Original Name : Puli
Type : Lupoid
Male size : 15¼- 17¾ inches, ideally 16¼-17 inches
Male weight : 28½-33 lbs
Female size : 14-16 ½ inches, ideally 15-15¾ inches
Female weight : 22-28½ lbs
Degree of grooming :
Countries of origin : Hungary
Pulis are robust, medium-sized, square-bodied dogs with fine but not overly light bones. Although somewhat lean, the body is very muscular throughout. The hair is so luxuriant on the head that it makes it look round, covering the eyes. The tail, abundantly coated, is curled forward on the croup, which causes the topline to appear to rise from front to back.
Round when viewed from the front, seemingly elliptic viewed from the side.
Straight topline, which seems to rise slightly due to the position of the tail. The withers protrude only slightly, the back is of medium length, straight, firm and muscular. The short loins are very muscular.
Black, black with a subdued shading of rust-colored or gray; fawn (fakó) with distinct black mask; pearl white without any russet gold.
Set at medium height, broad at the base and hanging. V shaped pinna rounded at the tip.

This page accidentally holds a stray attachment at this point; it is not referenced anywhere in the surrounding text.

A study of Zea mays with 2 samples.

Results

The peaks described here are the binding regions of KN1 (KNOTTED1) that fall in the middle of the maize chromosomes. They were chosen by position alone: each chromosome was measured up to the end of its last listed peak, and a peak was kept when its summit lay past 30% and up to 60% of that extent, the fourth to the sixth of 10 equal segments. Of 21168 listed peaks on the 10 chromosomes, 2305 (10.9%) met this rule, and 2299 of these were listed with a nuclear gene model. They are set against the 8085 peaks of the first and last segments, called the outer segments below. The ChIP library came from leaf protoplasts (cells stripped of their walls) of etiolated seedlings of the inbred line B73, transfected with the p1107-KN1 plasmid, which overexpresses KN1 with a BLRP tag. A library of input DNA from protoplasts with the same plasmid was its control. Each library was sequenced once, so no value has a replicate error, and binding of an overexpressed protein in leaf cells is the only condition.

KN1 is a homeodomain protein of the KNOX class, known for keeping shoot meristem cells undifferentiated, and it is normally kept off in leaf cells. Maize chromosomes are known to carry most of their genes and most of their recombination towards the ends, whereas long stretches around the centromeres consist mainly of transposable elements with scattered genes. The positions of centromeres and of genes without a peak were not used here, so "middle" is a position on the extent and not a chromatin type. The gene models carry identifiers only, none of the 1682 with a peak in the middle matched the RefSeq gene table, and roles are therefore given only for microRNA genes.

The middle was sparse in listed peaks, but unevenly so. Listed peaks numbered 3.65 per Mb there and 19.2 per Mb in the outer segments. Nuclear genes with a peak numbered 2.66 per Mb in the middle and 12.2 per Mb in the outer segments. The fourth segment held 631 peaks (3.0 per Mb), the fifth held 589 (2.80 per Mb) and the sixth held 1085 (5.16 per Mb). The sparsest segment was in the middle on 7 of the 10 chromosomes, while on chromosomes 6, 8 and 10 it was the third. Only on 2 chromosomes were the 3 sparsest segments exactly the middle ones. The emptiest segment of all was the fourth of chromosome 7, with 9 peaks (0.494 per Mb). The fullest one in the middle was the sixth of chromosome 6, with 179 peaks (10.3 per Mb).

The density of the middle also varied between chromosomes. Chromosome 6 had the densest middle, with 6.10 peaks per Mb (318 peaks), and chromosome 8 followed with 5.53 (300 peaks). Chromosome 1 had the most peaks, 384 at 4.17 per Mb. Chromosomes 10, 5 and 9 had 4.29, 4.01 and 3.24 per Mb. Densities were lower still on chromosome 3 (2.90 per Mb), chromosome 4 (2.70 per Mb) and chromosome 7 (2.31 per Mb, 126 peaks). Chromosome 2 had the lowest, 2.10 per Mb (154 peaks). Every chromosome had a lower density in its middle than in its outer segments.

Set at medium height and carried in a flat curl over the croup. Covered with dense hair.
Fairly coarse topcoat and finer undercoat. The ratio of one to the other, which is regulated genetically, determines the overall character of the coat, which forms tuffs and cords. It is easy to maintain.
Pulis are members of a Hungarian herding breed with Asian origins. There primitive ancestors most probably accompanied the Magyars, a nomadic people that lived from cattle breeding in the Carpathian basin.These are lively and very enthusiastic dogs that love children and make outstanding guard dogs. Their conformation is well suited to sports. The body length is the same as the height at the withers. The height at the chest is a little less than half the height at the withers and the muzzle is around a third the length of the skull.
It’s tough to give precise information about the various parts of the Puli’s body, because it is entirely covered by a thick coat that tends to form tuffs and cords. That’s why touch is so important to evaluate these dogs.